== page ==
Dwight Howard – The Best NBA Center; the NBA’s most Hated Player

Instead of being a marquee franchise player you want to build around, Dwight Howard has lost every shred of credibility over the last 12 months and the whole saga of trade me – keep me with the Orlando Magic, who built a team around him and tore it apart and fired everyone above him and somehow, are worst off than where they were before.

Howard said his future is with the Magic, and waived the clause in his contract allowing him to opt out of it in the 2012 summer. Not yet signing an extension to become sort of a Magic for life or make a lot of money, as the new CBA helps players who re-sign with their teams make more money. And then Howard got injured, ending the season, while the rumors of his unhappiness with Stan Van Gundy and the entire Magic front office for – who knows? Not doing enough to build a championship worthy team around him?

Since Howard entered the league it’s all been about moving players around him and trying to find the right formula, which is probably getting four players who can make open shots from beyond the arc while Howard works in the paint on both ends. It was enough for the NBA Finals in 2009 and the Conference Finals in 2010. Since then it’s been more shuffling and re-shuffling to make him happy and make the team more than just a first round playoff member. They haven’t been past the first round the last couple of seasons.

And here comes the summer. Howard says he wants only one team – The Brooklyn Nets, who are also dreaming of their own version of a big three or dream team or super-group or whatever it’s called these days. The trend is putting a group of All-Star players together, clogging up your cap space and trying to be creative by getting a huge draft steal or a few useful veterans who don’t care about the money – they just care about a chance to win a title.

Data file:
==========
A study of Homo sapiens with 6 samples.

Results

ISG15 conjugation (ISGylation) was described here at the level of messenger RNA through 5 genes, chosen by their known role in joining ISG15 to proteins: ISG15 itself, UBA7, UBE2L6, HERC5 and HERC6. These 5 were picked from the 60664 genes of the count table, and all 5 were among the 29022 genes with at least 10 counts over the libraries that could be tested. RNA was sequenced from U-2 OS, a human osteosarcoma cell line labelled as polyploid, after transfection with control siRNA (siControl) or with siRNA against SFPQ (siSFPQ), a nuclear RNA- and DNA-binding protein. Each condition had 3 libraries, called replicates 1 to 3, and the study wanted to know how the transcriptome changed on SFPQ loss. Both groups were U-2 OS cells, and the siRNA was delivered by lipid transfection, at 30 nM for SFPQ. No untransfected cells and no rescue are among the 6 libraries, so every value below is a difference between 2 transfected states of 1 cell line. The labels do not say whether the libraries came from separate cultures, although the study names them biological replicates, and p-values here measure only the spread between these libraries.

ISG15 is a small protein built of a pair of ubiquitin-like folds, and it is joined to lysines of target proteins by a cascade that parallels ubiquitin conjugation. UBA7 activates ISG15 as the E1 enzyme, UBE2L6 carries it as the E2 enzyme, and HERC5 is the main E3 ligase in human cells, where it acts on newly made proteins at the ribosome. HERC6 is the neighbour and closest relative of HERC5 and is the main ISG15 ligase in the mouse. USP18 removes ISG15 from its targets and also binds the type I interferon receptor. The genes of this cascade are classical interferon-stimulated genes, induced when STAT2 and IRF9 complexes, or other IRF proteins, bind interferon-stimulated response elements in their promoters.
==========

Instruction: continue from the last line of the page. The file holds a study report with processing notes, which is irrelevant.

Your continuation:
But Howard, like pretty much every player in the history of the NBA except for some green-blooded Boston Celtics, is also tempted by Los Angeles, Lakers that is. Somehow, they always seem to get their man. And after the Brooklyn Nets tried to move the world with sign-and-trades and working multiple team deals and changing contracts so Howard $19 million and change can fit in their salary structure, the Lakers rose as the next in line. They still are, but no one is really sure how to make it work.

Andrew Bynum sounds like the logical trade, and the salary works for both teams. But Bynum isn’t happy about going to Orlando or being used as a trade chip, and announced he won’t re-sign or guruantee a re-signing after his contract runs out in 2013. And now Dwight Howard seems to be willing to give up on a trade, announcing no matter where he goes, he’s going to let his contract run out in the 2013 summer and see how free agency feels like. Who’s going to want to trade half their team away, their future draft picks and what not for a star player known to have no sense of decency for anything but himself (and that’s how it should be, maybe)? What are the Orlando Magic going to do know?

Dwight Howard isn’t a big enough star to become the next LeBron James or Kobe Bryant as the most hated NBA players and athletes in America. He’s no Tiger Woods as well. Playing for a team like Orlando is part of the reason. Small-market and no ‘chosen one’ label on him from day one. Not being a lovable guy and a good enough player, I mean legendary good that makes you feel disappointed in him, is even a bigger reason.